Posts Tagged ‘check transmission sprocket’

Haven’t made it to the tool store to get a new breaker bar yet.  Kind of want to have some help available when I try to break the damn compensator lose.  So, I spent some time pondering what I might need once I get the inner primary off.

  1. Let’s see.  Going to heat the compensator nut.  Could be getting pretty hot too (I understand red locktite doesn’t melt until 271 degrees F.)  Main shaft seal is made of rubber.  Rubber melts.  Wow, Zen in action.  Better get a replacement mainshaft seal just in case….  Order one.
  2. Clutch hub in my bike had a lot of groves in the fingers and is original three adjustor hub.  Bike has been tugging a little bit in gear at stop lights.  Groves could cause such a thing.  Better replace it while the thing’s apart…. Order one.
  3. Fiber plates in the bike are THIN!  Better replace them too (Damn, my clutch wasn’t even slipping – could it have been from the grime between those plates?)  One set of Barnett Kevlar plates….
  4. Always a good idea to check the transmission mainshaft seal…. Order one.
  5. As beat up as the compensator bolt  is I feel better with a new one….  Order one.
    The adjusting nut on the throw out assembly was kinda rusty?  Gotta wonder how that happened.  Order one….
  6. Plus, gonna needs some gaskets (sooner or later.)  I’ll just get a complete engine set.  I’ll get the one with oil seals and then I don’t have to order a replacement.  Order one.  Cancel item 1.

That’s a start.  Now to get another breaker bar.

What Have I Got?

850 miles on the speedo now and I admit to myself that there is a vibration that comes and goes on the road.  Also feel some sort of “hammering” when just sitting astride the bike with it idling at a low pace.  I posted a query on a few other blogs and somebody suggested that the front drive sprocket on the tranny is known to work loose on this model bike and it could be causing the vibration.  Sounds reasonable to me.  That is just the kind of vibration it felt like – gear wobbling on its shaft.  Into the garage to pull the inner and outer primary so I can have a look.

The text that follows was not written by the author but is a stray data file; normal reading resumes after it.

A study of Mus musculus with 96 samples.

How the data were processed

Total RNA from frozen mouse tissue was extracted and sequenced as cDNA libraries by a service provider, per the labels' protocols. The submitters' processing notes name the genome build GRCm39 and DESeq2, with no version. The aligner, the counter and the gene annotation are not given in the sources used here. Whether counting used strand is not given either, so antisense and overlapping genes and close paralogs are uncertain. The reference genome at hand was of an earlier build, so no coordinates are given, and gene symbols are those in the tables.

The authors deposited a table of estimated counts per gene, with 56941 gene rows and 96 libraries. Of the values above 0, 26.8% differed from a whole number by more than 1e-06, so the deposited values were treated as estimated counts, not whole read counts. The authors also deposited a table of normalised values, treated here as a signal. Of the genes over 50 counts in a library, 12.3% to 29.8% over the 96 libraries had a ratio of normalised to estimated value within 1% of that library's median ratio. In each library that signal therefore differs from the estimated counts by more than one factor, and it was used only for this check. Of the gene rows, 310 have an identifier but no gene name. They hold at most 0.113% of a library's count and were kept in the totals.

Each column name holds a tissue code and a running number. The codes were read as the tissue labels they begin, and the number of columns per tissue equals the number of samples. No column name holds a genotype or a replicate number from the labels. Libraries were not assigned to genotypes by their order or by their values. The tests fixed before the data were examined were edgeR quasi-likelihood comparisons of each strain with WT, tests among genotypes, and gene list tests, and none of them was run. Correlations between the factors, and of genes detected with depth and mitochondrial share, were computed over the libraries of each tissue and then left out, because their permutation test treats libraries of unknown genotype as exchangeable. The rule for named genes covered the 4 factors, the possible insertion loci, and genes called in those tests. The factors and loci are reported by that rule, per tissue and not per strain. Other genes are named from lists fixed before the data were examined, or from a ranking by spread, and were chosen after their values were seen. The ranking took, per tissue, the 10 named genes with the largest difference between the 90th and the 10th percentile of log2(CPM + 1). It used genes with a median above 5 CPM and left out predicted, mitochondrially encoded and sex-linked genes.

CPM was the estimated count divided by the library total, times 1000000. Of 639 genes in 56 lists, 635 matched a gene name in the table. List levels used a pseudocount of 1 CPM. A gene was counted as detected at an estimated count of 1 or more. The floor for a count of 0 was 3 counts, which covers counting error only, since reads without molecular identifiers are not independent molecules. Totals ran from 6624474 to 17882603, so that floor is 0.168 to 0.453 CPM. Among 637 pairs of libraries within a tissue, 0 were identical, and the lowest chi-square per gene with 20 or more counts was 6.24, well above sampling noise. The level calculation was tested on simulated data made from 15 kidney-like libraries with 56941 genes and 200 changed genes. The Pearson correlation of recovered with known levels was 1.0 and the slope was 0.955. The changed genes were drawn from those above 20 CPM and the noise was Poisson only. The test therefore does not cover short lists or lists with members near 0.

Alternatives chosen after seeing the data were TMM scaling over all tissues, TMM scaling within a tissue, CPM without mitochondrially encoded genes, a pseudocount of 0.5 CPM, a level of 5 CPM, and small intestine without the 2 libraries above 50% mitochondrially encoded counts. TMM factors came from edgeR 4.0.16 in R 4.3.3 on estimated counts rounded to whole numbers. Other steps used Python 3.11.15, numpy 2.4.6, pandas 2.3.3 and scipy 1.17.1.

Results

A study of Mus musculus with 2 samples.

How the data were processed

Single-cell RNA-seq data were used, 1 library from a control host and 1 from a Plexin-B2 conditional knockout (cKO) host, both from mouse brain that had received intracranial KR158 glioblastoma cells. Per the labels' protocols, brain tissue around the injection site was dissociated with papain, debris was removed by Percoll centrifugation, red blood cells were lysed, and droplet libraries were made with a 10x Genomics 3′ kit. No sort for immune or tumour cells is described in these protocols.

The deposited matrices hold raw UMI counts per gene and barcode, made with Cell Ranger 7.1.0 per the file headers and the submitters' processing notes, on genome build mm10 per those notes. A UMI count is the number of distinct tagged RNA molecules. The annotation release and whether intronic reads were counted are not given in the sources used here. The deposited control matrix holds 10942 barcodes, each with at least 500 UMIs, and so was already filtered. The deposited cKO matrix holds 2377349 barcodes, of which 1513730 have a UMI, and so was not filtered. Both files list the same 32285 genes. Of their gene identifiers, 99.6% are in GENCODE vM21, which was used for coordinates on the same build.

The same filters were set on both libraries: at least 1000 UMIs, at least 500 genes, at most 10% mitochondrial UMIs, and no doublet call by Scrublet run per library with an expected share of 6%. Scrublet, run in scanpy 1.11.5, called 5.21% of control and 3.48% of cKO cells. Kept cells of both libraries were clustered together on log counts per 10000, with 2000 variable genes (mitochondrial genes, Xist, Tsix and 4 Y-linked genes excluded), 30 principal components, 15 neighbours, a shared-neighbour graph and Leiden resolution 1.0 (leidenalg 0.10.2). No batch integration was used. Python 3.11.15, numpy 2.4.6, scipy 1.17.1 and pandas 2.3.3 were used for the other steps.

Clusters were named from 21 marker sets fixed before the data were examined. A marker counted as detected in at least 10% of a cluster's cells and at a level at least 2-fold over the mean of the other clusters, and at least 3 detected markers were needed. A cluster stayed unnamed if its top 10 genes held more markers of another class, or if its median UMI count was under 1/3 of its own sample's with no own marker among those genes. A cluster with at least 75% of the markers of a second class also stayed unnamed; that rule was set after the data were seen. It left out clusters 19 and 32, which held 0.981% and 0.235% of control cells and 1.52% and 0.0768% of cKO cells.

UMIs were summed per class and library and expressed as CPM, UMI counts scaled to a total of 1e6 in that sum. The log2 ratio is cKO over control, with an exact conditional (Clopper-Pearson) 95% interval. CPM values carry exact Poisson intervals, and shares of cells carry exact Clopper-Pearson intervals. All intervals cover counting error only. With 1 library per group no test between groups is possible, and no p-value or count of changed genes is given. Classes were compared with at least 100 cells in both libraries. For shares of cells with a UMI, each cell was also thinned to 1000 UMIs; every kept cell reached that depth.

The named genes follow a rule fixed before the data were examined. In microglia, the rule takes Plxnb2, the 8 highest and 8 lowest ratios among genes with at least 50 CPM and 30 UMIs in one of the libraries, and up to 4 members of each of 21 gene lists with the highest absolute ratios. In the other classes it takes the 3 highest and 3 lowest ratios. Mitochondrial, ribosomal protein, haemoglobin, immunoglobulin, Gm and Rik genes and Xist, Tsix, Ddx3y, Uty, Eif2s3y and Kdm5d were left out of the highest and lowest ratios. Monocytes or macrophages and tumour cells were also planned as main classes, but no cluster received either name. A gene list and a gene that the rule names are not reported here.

The fun begins

Get the bike on a bike jack so I can lift her a bit off the floor for a better working angle.  Outer primary comes off  easy enough.  Gasket still good too.  Locate my trusty pressure plate washer.  Lock down the pressure plate springs and remove the pressure plate, 5 fiber and 4 steel plates of the clutch assembly.  Clutch hub nut (left handed threads) comes off just fine.  Now for the compensating sprocket.  Wow – what a surprise.  I have had many compensating sprockets off of Harleys in the past.  Some of them pretty damned tight too.  Nothing even compares to this one.

Wedge a gear jam between the bottom of the front primary sprocket and the top of the clutch basket sprocket to lock them gainst each other.  Get out the inch and a half socket and breaker bar.  Give it ALL I have and cannot budge the nut.  No problem I says.  Need a cheater pipe.  After acquiring a 3 foot piece of galvanized pipe we are back at it.  One guys holding the bike steady on the jack and two of us pulling on the cheater.  Nothing breaks loose.  Wow.  This SOB is TIGHT.

Take a break and then give another try.  Just me this time.  I put almost all I have into the counter-clockwise (right hand thread) bolt head.  Nothing.  A little more.  Nothing.  Screw this!  All I have got.  SNAP.  Half inch drive breaker bar twists off at the socket head.  Gear jamming tool is completely jammed between the sprockets.  Not coming out unless the compensator comes loose or I get a torch on it and cut it out!  The 2 hour project just got a lot more complicated.

We have decided that whomever put the bike together last must have filled the compensator bolt with red locktite and then put the damned thing back together.  A normal application of locktite would never have been able to withstand the torque I was applying to this thing.  So, I guess I am going to get a torch and heat the damned thing up to where the locktite melts and give it another try (after replacing my twisted off breaker bar of course.)  For today – done.